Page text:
What are the enabling factors in the DesignOps role?


DesignOps role is to maximize value generation for the business, the design teams, and the design leaders by creating efficiencies and optimizing end-to-end design processes. If its goals were important in the pre-pandemic world, the pandemic has hugely increased organizations’ need for flexibility and agility to effectively cope with the new WFH (Working From Home) situation.

The sudden disruption in teams’ operations and ways of working have been a significant challenge for most organizations, except for those companies which implemented a successful DesignOps role before the pandemic hit. The organizations with mature and ready DesignOps teams have adapted faster and better to the new ways of working, minimizing disruption and ensuring continuity even through the pandemic.

Yet the value of DesignOps is way more significant than supporting organizations’ productivity during exceptional times: DesignOps is a transformational discipline that can and has a substantial impact on organizations’ capacity to deliver innovation.

Let’s discuss a few enabling factors in the DesignOps role –

1. Buy-in from senior leadership
A design leader can only do so much on their own within an organization. At some point, getting executive buy-in becomes a necessity. Design leaders will then need to win over their executives by showing how their UX design ideas strengthen the organization.

In the DesignOps community, most of the members from large enterprises such as Salesforce, Airbnb, IBM have seen the growing support of senior executives for the DesignOps role. To know more about it, read here.

DesignOps uses data to tell compelling stories of Outcomes, Measurements & ROIs. This helps push the executives to see the value of design thinking across business units — not just on the design team.

Communicating early, using data, and incorporating techniques to weave stakeholder feedback early in the process will help ensure that every digital initiative can deliver a superior customer experience without compromising business goals.

Using data & insights, DesignOps can play a crucial role in communicating the value of design to get buy-in from executive leadership.

2. Building cross-collaboration relationships
As design becomes more embedded in every part of a business, the need for cross-functional collaboration becomes increasingly important. Tools can certainly help, but good communication, feedback loops, and strong leadership should be the foundation on which you build relationships. DesignOps plays a pivotal role in building a culture of cross-functional collaboration to keep up with the pace of change demanded by business and user needs.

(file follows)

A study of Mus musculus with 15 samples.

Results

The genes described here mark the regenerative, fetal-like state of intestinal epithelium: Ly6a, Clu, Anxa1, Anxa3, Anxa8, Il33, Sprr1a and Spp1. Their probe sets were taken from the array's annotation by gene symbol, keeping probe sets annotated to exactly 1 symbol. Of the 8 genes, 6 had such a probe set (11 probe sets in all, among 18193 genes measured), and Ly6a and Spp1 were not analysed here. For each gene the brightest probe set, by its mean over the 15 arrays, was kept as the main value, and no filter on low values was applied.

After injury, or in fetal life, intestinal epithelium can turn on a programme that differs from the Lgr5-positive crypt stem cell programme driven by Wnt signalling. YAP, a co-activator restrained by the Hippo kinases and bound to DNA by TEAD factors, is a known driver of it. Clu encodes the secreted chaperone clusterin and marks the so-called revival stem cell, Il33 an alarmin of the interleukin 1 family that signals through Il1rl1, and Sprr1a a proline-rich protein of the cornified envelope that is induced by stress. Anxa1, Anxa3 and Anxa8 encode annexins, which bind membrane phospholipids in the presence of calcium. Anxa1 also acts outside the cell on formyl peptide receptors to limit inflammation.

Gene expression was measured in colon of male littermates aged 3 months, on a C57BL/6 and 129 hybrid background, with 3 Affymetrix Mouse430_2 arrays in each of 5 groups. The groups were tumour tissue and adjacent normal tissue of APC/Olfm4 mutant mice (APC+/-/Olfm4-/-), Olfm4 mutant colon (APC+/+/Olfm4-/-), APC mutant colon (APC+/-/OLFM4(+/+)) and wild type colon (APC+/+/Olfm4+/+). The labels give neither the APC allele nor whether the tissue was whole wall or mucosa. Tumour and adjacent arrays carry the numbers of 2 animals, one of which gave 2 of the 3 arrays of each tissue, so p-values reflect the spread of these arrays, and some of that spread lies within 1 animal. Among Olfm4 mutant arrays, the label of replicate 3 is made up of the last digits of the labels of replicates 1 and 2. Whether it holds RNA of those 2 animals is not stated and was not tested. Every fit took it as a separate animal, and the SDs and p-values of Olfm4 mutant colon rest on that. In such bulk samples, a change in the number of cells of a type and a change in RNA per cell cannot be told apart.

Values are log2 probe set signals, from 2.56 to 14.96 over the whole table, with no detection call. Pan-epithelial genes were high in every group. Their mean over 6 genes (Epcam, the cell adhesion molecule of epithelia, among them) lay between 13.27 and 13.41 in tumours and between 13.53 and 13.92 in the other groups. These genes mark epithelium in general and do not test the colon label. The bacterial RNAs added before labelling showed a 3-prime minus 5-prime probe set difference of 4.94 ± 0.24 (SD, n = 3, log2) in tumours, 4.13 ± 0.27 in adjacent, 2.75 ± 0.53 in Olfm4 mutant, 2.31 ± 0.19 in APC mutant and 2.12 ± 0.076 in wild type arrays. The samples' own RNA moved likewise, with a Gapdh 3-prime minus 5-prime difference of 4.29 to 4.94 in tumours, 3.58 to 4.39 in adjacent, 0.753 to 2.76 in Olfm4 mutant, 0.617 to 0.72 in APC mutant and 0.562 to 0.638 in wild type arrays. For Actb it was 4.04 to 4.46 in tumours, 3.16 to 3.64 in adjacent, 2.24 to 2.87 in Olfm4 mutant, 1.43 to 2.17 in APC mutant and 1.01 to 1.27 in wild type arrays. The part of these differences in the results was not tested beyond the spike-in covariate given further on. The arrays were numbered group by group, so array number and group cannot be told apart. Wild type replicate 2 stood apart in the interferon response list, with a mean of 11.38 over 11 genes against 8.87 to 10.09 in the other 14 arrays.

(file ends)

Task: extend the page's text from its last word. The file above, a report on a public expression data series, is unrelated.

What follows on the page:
Design is a shared responsibility, and an effective DesignOps team is critical for efficacious cross-functional collaboration because it unlocks potential learning opportunities which wouldn’t have been considered otherwise.

3. Ever-evolving DesignOps Community
While Design teams have been growing and scaling fast in the past few years, the designOps has also seen an increase in the number of design-related roles and development in the number of operational models applied to run the Design function. As this demand increases, a small community of DesignOps leaders evolves very rapidly.

As it turns out, one of the secrets to building healthy, people-centered teams is to leverage the power of DesignOps. From hosting gatherings and lectures to publishing educational and personal perspectives, efforts to contribute to this creative community in meaningful ways help people connect, learn, and grow together.

We’ve seen how the positive and lasting effects of strong DesignOps communities can help our team become more connected, creative, and inclusive.

Data & Insights → Leadership Buy-in

Shared Design Responsibility → Culture of Collaboration

Self-evolving designOps community → Connected, Creative & inclusive product teams.

Prioritizing DesignOps will radically improve the value of your entire design team’s output. Be sure to measure as you go, adjust as you learn, and be as inclusive as possible when increasing the scale and distribution of your operations.